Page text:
This report aims to provide an initial assessment as to the extent, potential causes and farmer’s understandings of the current seep issues across the South Australian and Victorian Mallee Farming region. This provides important information to guide future activities of MSF, NR SAMDB, the Mallee CMA, funding organizations and farmers as to what is needed to better understand, manage and combat this growing issue with our farming communities.
The findings from this report are based on a survey of mallee farmers that have been impacted by seeps, conducted in Oct-Nov 2017. The 15 question survey gained farmers responses as to the areas of seep affected land, when they appeared, possible causes and the effectiveness of various management strategies implemented. It also asked of how concerned farmers were about the issues, and reasons they may not have taken action to address the problems as yet.
The clear results from this study are that mallee seeps are becoming a significant problem for a large number of mallee farmers. The majority of seeps have become evident within the last 10 years and appear to be due to changes in farming systems coupled with very high rainfall periods. Farmers identify that poor water use on deep sands (impacted by effective chemical summer weed control) has led to new seeps appearing in both mid-slope and swale areas below these sandy rises.
A range of management strategies have been employed by farmers to varying degrees of success. Strategic lucerne and tree planting were generally listed as more successful by some farmers. However, nearly half of the farmers surveyed reported that they had not done anything to control the seeps on their properties. The majority expressed that they needed more information to know what to do, and were unsure of who to ask or what management they should apply. For many the problem is only relatively small at this stage.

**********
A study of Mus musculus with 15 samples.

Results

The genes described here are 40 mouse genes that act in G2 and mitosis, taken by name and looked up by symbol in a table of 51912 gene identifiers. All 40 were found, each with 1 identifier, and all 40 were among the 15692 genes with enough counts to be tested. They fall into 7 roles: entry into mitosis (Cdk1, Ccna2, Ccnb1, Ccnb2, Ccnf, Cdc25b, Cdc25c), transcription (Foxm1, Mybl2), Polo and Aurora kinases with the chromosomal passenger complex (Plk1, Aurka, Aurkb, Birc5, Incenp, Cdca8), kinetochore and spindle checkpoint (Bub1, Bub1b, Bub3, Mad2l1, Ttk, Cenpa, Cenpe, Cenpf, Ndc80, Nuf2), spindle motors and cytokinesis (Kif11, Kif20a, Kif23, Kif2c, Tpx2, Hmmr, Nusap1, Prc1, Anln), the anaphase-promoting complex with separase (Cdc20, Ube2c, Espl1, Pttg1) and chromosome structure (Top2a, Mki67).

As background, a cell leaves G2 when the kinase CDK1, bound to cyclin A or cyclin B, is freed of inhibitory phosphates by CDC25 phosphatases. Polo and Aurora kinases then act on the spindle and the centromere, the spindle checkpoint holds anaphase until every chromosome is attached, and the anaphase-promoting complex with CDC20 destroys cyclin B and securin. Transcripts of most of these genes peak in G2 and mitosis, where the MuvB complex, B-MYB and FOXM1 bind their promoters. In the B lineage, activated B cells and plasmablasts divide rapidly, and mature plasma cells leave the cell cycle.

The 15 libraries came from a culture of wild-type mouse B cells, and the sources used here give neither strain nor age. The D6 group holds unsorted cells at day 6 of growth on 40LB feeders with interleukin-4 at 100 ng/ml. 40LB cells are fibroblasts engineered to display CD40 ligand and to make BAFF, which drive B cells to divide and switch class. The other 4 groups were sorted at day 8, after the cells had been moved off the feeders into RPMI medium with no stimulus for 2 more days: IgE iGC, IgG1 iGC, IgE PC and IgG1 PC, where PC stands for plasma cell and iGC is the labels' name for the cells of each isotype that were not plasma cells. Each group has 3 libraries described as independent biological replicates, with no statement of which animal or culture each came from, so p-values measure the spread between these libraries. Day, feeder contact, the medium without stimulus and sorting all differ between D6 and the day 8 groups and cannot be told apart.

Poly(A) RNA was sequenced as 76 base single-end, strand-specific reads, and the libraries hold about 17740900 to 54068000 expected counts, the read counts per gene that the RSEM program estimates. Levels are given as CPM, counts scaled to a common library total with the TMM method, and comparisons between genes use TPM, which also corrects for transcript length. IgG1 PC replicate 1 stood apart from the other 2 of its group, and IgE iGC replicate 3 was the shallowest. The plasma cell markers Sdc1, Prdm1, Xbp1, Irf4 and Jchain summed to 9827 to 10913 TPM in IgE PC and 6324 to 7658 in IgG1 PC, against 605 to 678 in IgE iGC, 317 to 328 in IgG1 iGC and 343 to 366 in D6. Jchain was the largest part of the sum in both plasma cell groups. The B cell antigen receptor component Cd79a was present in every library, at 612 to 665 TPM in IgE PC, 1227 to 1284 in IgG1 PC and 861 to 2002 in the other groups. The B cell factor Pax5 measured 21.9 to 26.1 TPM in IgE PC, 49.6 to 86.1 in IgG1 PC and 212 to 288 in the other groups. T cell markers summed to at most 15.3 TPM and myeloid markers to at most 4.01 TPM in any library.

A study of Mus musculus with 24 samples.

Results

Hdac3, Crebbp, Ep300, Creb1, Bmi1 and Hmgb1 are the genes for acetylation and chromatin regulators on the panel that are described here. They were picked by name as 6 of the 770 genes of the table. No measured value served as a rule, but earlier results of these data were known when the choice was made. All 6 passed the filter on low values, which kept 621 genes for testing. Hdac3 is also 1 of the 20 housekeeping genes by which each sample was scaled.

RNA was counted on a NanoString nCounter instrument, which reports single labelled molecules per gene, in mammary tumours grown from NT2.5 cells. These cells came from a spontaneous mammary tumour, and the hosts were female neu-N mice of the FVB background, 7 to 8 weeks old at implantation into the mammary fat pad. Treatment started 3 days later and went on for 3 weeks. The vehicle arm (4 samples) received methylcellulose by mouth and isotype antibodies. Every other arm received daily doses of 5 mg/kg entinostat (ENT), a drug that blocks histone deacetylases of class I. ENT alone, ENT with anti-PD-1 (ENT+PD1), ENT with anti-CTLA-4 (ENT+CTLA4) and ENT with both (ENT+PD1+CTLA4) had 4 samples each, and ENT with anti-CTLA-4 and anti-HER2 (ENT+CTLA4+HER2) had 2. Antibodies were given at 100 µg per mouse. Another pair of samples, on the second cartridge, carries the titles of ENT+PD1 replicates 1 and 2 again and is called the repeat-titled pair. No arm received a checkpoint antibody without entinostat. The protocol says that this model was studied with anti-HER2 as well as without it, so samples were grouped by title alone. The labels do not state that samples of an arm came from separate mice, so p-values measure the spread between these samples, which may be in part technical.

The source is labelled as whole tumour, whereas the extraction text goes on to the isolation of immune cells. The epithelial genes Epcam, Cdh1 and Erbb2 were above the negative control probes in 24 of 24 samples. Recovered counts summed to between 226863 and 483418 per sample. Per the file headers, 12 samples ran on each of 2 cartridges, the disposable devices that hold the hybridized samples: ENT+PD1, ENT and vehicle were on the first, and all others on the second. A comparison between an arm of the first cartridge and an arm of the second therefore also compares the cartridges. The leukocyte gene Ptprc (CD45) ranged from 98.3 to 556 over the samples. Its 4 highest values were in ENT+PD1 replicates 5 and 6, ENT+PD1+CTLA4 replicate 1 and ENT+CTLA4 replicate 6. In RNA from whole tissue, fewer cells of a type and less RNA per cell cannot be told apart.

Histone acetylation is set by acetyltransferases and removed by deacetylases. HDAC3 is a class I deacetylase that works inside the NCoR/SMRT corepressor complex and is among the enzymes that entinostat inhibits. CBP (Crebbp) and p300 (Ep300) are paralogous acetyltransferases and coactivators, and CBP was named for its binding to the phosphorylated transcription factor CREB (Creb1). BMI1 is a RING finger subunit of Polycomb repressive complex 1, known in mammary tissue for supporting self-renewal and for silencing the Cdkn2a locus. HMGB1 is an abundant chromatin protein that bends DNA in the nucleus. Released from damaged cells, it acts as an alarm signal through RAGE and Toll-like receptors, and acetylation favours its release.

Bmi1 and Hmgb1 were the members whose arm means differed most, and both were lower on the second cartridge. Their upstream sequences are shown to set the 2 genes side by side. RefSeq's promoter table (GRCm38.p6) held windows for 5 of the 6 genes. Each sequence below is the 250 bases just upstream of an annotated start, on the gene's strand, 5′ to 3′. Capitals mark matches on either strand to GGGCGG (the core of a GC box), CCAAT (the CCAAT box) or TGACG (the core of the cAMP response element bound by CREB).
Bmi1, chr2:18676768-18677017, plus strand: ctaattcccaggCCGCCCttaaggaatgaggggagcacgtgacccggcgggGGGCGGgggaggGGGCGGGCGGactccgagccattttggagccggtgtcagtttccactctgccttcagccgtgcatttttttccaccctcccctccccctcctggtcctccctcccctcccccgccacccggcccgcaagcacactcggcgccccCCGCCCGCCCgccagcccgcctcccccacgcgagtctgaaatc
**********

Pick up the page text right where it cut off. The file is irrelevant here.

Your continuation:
This report provides a strong indication that seeps are a rapidly growing land degradation problem that mallee farmers are very concerned about. If left uncontrolled and unmanaged it is conceivable that there could be a tenfold increase to current area of affected land, building to a cost in the vicinity of $100,000,000 in lost production over a 10 year period.
There is a clear need for farmers, farming groups and agricultural workers to better understand the dynamics of the seep issues in the Mallee, and the most practical and effective methods to manage and ameliorate the problems and impacts they cause. Farmers are wanting more information and are willing to get involved in ways to find these answers so that they can apply them successfully to their farms.